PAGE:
BIS Identifies Three Key Factors as Challenges of Wholesale CBDC
The Central Bank Digital Currency (CBDC) project of the Bank for International Settlements (BIS) generates more questions than answers as the international banking institution weighs in the technical and governance challenges that embody the attempt to create a multi-platform CBDC product.
The BIS identifies a multi-CBDC platform as a viable option that can aid the easy interoperability amongst a wide range of central banks. The bank noted that “On a multi-CBDC common platform, each participating central bank issues its own CBDC in its own domestic currency. Participating commercial banks are then able to hold these CBDCs directly, gaining access to foreign currencies without the need for accounts with correspondent banks.”
While this model will aid foreign exchanges transactions to a great extent, the BIS has identified “access” to the multi-CBDC platform by “nonresident banks, i.e, banks which do not have a local presence and are not authorised to operate or provide domestic financial services – can be trusted to access and make payments with CBDCs when they do not have a presence in those jurisdictions?”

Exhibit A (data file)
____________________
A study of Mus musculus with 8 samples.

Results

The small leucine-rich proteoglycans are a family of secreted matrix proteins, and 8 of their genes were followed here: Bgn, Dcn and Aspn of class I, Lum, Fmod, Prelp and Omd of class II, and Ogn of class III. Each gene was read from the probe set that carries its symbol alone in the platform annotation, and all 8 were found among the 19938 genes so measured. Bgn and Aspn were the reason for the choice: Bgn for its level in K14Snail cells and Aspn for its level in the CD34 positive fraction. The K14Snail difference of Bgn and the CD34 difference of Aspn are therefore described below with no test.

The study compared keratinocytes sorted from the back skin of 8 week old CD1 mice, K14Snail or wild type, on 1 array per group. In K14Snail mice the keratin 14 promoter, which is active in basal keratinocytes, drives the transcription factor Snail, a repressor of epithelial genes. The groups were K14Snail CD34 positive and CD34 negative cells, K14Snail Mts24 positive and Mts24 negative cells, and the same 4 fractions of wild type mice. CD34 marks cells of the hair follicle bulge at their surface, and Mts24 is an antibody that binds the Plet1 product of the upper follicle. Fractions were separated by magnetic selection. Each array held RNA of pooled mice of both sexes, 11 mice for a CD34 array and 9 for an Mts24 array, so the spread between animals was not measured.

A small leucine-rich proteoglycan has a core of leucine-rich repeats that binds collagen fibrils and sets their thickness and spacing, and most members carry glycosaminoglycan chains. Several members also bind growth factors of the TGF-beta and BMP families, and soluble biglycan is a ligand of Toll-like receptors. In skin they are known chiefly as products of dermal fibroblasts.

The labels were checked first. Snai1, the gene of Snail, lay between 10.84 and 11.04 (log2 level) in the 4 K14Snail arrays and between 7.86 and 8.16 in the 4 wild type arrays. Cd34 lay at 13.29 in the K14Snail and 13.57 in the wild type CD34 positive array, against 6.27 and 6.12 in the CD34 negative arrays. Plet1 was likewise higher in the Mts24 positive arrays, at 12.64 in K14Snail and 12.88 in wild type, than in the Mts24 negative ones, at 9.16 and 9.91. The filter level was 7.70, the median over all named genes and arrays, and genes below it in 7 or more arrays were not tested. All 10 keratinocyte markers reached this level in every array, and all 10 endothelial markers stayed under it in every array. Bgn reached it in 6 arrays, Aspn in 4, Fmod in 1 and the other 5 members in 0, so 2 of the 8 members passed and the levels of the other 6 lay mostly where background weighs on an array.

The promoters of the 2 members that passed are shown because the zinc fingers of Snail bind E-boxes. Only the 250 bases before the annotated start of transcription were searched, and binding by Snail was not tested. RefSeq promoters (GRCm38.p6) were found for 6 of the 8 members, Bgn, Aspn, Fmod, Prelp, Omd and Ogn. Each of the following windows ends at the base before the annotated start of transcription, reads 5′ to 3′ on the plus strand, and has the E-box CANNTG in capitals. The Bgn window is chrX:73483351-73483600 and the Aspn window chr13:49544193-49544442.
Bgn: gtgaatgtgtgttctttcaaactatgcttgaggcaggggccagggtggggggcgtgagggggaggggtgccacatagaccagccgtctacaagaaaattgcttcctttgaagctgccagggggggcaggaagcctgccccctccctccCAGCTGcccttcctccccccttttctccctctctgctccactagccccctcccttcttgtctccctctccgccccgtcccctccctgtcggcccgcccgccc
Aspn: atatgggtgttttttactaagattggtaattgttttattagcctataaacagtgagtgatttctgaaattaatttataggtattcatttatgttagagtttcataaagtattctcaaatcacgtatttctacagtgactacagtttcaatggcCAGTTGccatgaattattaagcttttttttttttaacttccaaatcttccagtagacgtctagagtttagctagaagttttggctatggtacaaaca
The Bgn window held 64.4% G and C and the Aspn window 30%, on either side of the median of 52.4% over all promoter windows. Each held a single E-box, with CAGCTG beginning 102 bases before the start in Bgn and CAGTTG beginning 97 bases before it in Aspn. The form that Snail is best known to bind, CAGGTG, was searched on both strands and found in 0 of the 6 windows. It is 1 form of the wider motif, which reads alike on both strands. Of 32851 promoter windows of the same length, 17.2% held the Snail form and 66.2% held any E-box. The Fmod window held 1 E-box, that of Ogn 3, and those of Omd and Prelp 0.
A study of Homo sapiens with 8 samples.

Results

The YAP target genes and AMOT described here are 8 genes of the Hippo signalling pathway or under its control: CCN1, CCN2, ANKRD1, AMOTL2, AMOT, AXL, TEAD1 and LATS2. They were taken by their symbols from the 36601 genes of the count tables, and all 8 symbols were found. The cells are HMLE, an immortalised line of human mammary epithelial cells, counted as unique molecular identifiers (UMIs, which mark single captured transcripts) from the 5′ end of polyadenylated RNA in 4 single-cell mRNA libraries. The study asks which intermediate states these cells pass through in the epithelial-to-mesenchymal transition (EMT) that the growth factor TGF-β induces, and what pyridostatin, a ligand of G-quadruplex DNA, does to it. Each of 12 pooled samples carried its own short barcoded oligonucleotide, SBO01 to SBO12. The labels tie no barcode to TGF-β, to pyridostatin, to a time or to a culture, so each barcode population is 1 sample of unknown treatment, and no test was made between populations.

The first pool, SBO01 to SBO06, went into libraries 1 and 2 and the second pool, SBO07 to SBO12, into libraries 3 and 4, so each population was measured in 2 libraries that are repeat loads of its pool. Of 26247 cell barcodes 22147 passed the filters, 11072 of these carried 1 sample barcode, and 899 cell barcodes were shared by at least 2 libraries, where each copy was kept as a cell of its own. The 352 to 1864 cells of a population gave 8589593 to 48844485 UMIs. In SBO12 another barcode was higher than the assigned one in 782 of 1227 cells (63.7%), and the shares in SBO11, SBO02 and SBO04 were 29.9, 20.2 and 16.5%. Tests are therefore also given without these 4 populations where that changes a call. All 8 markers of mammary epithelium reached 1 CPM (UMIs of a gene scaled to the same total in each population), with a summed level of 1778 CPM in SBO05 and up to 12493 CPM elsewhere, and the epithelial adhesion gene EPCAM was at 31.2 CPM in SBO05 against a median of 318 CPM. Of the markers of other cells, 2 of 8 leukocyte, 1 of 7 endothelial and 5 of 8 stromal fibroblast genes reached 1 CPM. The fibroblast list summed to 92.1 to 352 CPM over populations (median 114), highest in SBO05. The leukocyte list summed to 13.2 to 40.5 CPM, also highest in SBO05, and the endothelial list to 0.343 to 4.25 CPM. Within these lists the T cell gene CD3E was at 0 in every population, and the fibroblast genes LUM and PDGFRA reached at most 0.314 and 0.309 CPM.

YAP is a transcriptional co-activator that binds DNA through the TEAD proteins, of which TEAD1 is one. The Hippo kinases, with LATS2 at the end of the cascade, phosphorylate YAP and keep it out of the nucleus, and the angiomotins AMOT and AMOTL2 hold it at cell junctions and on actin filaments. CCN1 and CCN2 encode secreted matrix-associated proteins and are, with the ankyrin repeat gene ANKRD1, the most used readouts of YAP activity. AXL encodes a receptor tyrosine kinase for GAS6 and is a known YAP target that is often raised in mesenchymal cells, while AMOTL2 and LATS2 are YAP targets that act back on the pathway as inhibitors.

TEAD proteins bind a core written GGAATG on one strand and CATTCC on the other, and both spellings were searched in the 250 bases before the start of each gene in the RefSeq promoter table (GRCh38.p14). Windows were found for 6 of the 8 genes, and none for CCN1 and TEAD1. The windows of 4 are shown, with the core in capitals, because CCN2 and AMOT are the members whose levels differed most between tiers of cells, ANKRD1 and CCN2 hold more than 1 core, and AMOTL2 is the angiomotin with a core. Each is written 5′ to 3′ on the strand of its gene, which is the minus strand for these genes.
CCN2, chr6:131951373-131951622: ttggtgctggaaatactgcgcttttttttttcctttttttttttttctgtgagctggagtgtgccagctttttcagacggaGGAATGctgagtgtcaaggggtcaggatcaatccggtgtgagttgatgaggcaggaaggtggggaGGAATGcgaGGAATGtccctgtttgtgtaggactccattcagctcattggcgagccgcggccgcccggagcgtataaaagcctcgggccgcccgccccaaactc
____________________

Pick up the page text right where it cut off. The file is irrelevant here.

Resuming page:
The identified critical challenges to the emergence of a global multi-CBDC platform also extend to the differences in “jurisdictional boundaries” and “governance” provisions amongst countries.
In the face of these challenges, the BIS is still motivated to help champion the emergence of “a global network of connected CBDC platforms and interoperable CBDCs.” To achieve this, the BIS will foster the development of technical capabilities and testing at a large scale level, a platform rulebook for the multi-CBDC platform, and the legal and regulatory frameworks in all participating countries would need to be reviewed.
Currently, over 110 countries are actively at one stage or the other in their CBDC development process, and more are poised to join the trend. With the need to create an avenue for international and cross-border settlements with the new forms of legal tender, the BIS will not be deterred by these challenges and continue working with its partner countries to address the unknown questions that may cause a stump the noble cause.